This is going to be an interesting week, as I’m transitioning from one medication to another and at the moment I have quite a bit of brain fog, in that I’ll be clear for a little while and then the next thing I know my brain is just shot.
The interesting thing is that I’ve really gotten in a groove when I sit down and write with music – not typically my most productive form of writing. Yesterday I sat down and just pounded out a bunch of words while listening to this band Battles (finally “discovered” them upon learning that I had already had a couple of their songs before). Even though I felt like I was about to keel over, I was able to channel the characters and let them take over.
Right now my side-effects are dizziness; light-headedness; what they call “brain zaps“, which are moments of being completely lost in the fog; and exhaustion. Combine that with the insomniac properties of the new medication and, well, I’m just having a grand old time. But I’m dedicated to keep going. I view my writing as a legit job, and as such I can’t take too many days off, considering that last week I was a little bit short of my word count.
Before I get into today’s topic, I want to carry out an accounting of where I am in my process and what comes next. I’m very, very close to the end of Corridors of the Dead now. If I stick to my usual schedule and don’t have too many hiccups, I expect to have it done by the middle of next week. I follow a process where I write the story in my head and have a few days’ lead time before it gets to the page, and I’ve reached the end in my head.
The next step, as mentioned yesterday, is finding some beta readers, then setting the book aside for a week or two while I dive into the next book, which I haven’t started in my head yet but have a lot of details about. As I’ve mentioned before, it’s going to be a nod to Videodrome and Twin Peaks. These two stories were very influential for me.
Of course, the mockup for the cover is complete, as I said. I see a few changes that I want to make, a little tweaking, but for the most part I think it’s ready to go, which is pretty exciting. I also plan to do some research into the Print on Demand options this week then talk to the guy who’s been doing my graphic design work on what to do for the spine and the back. We’ll cross that bridge when we come to it; there’s some time, as I don’t plan to make it available until Thanksgiving.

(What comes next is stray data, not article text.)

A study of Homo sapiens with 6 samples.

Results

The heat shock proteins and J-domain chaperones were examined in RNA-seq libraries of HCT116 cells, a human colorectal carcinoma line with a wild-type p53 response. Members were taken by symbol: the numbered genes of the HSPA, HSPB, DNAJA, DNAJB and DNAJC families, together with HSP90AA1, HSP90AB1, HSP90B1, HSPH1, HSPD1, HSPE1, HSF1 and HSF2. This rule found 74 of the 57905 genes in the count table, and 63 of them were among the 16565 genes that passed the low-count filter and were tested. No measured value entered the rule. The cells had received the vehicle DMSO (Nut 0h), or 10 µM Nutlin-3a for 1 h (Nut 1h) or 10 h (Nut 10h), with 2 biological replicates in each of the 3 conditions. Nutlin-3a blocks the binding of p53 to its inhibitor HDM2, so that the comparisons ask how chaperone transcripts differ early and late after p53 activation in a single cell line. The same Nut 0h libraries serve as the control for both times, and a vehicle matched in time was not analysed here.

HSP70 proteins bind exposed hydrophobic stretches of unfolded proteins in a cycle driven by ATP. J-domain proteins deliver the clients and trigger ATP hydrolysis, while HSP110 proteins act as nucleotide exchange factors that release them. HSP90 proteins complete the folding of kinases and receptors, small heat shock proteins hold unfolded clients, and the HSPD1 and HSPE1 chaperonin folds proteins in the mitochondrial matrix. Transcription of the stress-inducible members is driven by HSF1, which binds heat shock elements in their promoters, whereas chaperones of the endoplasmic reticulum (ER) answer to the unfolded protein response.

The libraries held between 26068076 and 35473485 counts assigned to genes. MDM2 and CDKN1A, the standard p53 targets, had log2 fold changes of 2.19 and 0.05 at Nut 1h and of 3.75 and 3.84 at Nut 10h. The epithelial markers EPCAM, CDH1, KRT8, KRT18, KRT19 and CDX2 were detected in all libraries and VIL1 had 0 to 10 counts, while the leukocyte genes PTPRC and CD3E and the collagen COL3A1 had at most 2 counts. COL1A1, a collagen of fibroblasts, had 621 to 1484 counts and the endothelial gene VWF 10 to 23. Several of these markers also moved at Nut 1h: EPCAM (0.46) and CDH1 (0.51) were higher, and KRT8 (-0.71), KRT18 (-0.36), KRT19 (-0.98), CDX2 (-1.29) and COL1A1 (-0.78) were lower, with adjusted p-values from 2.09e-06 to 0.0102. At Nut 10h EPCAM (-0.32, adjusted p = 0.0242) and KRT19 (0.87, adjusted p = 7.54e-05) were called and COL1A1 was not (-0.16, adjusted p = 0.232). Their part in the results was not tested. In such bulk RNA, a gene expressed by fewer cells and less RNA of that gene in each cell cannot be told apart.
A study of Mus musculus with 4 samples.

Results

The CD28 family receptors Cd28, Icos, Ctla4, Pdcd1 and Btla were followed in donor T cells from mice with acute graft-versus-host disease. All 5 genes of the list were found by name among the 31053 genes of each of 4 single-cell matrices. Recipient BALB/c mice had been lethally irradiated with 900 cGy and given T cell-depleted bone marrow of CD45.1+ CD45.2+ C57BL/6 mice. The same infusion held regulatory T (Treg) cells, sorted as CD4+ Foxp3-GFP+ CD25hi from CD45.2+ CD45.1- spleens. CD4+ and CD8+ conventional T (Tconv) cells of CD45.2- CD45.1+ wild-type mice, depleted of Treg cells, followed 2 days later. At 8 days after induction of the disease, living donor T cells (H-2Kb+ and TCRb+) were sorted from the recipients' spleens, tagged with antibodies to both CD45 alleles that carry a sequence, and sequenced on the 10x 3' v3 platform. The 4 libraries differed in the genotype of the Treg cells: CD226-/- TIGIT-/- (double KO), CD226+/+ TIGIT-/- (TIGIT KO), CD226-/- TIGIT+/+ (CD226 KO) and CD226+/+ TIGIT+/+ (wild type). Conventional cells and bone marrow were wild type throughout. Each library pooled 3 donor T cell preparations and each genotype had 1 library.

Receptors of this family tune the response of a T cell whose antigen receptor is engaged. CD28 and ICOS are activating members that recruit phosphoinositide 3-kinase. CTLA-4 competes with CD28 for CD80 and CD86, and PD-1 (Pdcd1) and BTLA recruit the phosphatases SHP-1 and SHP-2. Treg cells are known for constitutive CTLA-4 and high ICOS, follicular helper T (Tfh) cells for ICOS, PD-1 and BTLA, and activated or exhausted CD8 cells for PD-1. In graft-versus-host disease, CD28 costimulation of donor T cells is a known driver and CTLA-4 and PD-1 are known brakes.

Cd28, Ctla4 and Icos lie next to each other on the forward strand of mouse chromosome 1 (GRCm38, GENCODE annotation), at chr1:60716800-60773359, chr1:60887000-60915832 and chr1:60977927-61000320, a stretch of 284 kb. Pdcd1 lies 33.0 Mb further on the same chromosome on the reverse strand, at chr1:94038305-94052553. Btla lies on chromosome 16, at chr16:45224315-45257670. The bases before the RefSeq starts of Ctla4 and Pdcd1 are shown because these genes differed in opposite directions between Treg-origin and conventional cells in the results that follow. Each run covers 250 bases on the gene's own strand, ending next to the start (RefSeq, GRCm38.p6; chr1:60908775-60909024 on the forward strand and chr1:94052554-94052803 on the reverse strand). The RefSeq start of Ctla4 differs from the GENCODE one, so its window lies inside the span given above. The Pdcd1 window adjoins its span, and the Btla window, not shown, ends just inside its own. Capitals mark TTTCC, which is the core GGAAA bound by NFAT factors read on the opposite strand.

Already things are starting to come together in my head on how to run my writing and self-publishing as a business. I’m getting ideas about how to set up incentive plans and an overall business plan. Having a finished product will be a really good start. Obviously, there are still some edits to be made, but I think it’s close right now, probably the closest I’ve ever felt upon finishing a first draft. I think that’s a product of internalizing a lot of things that I’ve learned over the last six months.
Now let’s talk about the original goal of today’s entry: how to blend character-driven and plot-driven. All I can really give you is my approach, because while I’m always aware of this, I haven’t studied it closely in other works. Meaning it’s a topic that I’l likely come back to in the future.
My own approach is that I start with the kernel of an idea and slowly add things on to it – like with this next novel, I woke up one morning with the idea of bringing the idea of Videodrome into the 21st Century (which is not entirely what the book will end up being about after all, rather the spark of the concept). As I drove to work, as mentioned before in how my process works, I dictated what I had in mind and new ideas.
Where I’m going is that I take these ideas and generate a loose, three or four paragraph write-up of what I want from the story, how I envision the story from my perspective. Then I get to know the characters, though this can be part of the plotting process. This is the case in this new novel – I already have images of the characters in my head, can hear their voices speaking to me.
While I’m doing this I also do any necessary research.
This is the key, however: having both an idea of the plot you want, even if it’s not going to be the ultimate plot. If I showed you the original plot of Corridors of the Dead from last November to now, well… Then you have to be aware of your characters and in tune with them. Spend time with them. Once you start getting into the writing of it, leave your preconceived notions out and yourself open.
At times your characters will stubbornly refuse to go down the path you want. If you hit a scene where your characters suddenly flatten out into cardboard cutouts and nothing is moving, that is the time to sit down and really think about what the character wants in that scene and how they would react. They will surprise you a lot of the time. As a matter of fact, in my rewrite, they surprised me so much that only three scenes came over from the old book. It’s basically a new story with the same characters.
What I’m trying to say is, in order to achieve that hybrid, you have to do the work of both: of a character-driven story and a plot-driven story. You have to have a solid concept of the plot (so you do the work of plotting) and you have to do the work of getting to know the characters. There’s none of this one-or-the-other business. At least, from my perspective.
I’d be interested in hearing what others have to say about how they plot and what their approaches are.
I’m looking at this week as plot and character week. The next entry is twofold: one is about how to get to better know your character. The second is part one of a two-parter on my top ten influential books, the ones I think of as my personal “pantheon”. This comes from an idea that I first saw from Paul Dail and which he drew from Worlds in Ink. I’m looking forward to it!